In education, the term cohort refers to any group of students educated at the same time, usually within the same program. Grade levels in primary and secondary school are examples of such groups, as are graduating classes of specific degree programs in college. But there is more to cohorts as you advance your education. In the article below, we’ll explore what cohorts are and how they are implemented in graduate schools across the country.

Programs as Learning Communities

In a traditional model, students pursuing a graduate degree would complete course work within the larger student body, taking required classes on an individual basis. This is primarily how undergraduate students complete their degrees. However, studies indicate that the cohort model poses substantial benefits for students and the universities at which they study.

Communities such as this ease the psychological pressure that students experience. The group structure provides a built-in sense of community. When students come to the program, they experience it together with their peers. It is with these peers they will take classes. While the course offerings do provide some flexibility, the programs lack the open-ended nature of undergraduate coursework.

Professional Bonds and Networks

During the intense round of lectures and deadlines that are a graduate degree program, students within the community develop deep bonds with each other. They come to rely on each other as academic resources, sources of encouragement, and emotional support. In many instances, these tightly-knit groups serve as a second family for students, one which will continue to function after honors have been announced and degrees awarded.

Professional networks are formed in the way any community grows. Cohorts provide a reservoir of interactions and relationships through which graduate students can develop connections beyond their programs. They attend conferences, lectures, and workshops beyond their round of classes, and they extend their brand to others already working in the field. At the same time, the close nature of these educational communities allows individuals to learn the talents and strengths of others within their groups, which will come in handy after graduation.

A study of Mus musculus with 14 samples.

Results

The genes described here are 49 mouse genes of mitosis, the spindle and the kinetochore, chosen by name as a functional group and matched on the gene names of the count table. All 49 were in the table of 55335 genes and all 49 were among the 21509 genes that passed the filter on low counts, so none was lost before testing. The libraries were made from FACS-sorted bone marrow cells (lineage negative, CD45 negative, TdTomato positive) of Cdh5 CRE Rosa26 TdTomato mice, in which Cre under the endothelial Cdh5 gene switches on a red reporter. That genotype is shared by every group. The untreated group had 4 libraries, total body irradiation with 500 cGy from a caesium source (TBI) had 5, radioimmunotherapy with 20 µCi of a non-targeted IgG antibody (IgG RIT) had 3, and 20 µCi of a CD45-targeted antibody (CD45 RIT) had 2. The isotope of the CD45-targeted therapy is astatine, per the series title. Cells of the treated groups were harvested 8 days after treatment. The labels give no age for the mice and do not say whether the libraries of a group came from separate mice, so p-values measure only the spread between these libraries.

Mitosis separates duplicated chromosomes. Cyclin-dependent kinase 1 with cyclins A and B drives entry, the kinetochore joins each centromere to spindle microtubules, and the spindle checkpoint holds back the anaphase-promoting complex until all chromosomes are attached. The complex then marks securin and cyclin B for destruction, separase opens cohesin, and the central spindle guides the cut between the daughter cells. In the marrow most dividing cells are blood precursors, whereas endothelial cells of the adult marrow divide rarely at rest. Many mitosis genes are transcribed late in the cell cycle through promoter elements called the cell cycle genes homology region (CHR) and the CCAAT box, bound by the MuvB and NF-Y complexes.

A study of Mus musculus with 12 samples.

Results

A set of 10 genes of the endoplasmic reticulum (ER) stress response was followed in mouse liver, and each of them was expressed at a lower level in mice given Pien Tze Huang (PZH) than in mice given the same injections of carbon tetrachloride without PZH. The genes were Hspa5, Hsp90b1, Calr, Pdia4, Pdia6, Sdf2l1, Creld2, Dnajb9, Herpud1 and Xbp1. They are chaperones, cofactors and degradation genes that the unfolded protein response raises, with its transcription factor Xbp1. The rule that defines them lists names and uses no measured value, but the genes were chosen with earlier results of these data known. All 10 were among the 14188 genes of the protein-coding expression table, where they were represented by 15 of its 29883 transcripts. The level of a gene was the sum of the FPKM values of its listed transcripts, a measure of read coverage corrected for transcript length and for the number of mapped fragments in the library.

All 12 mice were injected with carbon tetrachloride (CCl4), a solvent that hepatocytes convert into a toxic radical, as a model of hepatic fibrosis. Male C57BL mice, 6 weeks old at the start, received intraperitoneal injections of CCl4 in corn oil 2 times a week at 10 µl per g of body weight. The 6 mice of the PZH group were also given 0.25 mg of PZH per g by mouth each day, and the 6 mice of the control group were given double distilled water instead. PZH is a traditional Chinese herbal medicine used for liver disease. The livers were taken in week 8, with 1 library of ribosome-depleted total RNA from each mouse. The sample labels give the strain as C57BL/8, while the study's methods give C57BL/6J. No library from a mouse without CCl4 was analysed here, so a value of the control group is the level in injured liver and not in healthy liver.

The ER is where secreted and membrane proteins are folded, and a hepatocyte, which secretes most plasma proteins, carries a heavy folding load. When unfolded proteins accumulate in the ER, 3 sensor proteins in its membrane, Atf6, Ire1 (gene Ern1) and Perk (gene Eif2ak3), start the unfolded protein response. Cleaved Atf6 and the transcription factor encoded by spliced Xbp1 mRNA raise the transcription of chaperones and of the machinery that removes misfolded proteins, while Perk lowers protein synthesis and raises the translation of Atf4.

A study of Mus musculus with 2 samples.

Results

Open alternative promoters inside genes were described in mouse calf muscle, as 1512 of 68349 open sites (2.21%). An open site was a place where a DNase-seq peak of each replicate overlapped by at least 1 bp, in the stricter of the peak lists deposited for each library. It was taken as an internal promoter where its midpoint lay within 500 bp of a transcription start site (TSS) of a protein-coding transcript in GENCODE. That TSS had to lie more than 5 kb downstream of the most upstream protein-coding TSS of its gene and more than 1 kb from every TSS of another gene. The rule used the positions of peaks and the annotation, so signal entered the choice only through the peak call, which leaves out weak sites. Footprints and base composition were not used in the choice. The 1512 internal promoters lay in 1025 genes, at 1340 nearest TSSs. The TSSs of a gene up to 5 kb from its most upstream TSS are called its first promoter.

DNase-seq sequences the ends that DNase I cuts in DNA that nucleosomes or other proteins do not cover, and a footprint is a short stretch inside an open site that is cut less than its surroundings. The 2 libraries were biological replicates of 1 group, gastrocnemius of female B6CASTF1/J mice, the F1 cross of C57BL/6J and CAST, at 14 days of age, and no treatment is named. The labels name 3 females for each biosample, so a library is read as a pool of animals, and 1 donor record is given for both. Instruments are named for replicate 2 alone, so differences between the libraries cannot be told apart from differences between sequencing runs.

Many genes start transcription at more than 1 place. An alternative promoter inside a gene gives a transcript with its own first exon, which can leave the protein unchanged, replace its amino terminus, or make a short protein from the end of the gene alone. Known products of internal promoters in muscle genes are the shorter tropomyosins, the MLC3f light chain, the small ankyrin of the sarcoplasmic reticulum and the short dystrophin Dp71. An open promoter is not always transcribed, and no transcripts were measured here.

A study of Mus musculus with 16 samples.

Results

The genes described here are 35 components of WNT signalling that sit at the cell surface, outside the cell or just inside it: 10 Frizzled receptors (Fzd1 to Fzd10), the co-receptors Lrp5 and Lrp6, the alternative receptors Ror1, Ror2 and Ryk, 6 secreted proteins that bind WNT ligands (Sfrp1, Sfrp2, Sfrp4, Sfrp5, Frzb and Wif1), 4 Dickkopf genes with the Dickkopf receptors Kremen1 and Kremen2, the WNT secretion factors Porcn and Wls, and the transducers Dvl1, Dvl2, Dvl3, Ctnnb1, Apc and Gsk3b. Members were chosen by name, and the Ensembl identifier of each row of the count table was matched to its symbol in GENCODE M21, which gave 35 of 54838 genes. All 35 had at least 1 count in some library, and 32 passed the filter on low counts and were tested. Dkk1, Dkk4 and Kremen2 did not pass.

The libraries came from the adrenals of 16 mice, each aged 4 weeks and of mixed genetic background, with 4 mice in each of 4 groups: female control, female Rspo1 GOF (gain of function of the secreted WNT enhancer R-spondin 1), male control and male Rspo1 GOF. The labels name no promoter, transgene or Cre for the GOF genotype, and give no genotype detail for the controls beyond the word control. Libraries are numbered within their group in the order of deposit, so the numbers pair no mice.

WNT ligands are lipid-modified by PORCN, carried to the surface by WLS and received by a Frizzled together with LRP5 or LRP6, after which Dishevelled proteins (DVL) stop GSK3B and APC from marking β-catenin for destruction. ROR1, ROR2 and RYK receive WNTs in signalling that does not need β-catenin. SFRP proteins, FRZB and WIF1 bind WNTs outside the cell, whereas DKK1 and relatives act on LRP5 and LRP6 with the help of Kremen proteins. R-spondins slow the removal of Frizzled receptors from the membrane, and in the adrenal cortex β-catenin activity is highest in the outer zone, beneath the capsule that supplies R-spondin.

On the Administrative Side

The benefits of this type of program are mainly focused on students, but they are not without their advantages to institutions of higher education. One of the largest drains on resources allocated to graduate programs is administrative contact with students. In other types of degree programs, energy, time, and overhead must be dedicated to keeping students on track and maintaining contact with them. However, group education allows universities to turn their attention to other needs of students. These programs enroll the same group of students in courses each semester and those lectures are mostly pre-determined as a part of a cohesive degree track.

Such an approach allows students to complete their program requirements in an organized way without the additional pressure of competition for resources that usually accompany academic achievement at this level. While this fosters a deeper sense of community among the students, it also allows universities to devote their resources to other areas and benefits everyone.

While there are innumerable fields in which students choose to specialize, the general approach of group education for the first two or three years of a graduate degree has shown incredible benefits. A cohort is a community, a social and academic family that provides support, inspiration, and educational cohesion during a time of intense intellectual pressure while also allowing universities to streamline their investments.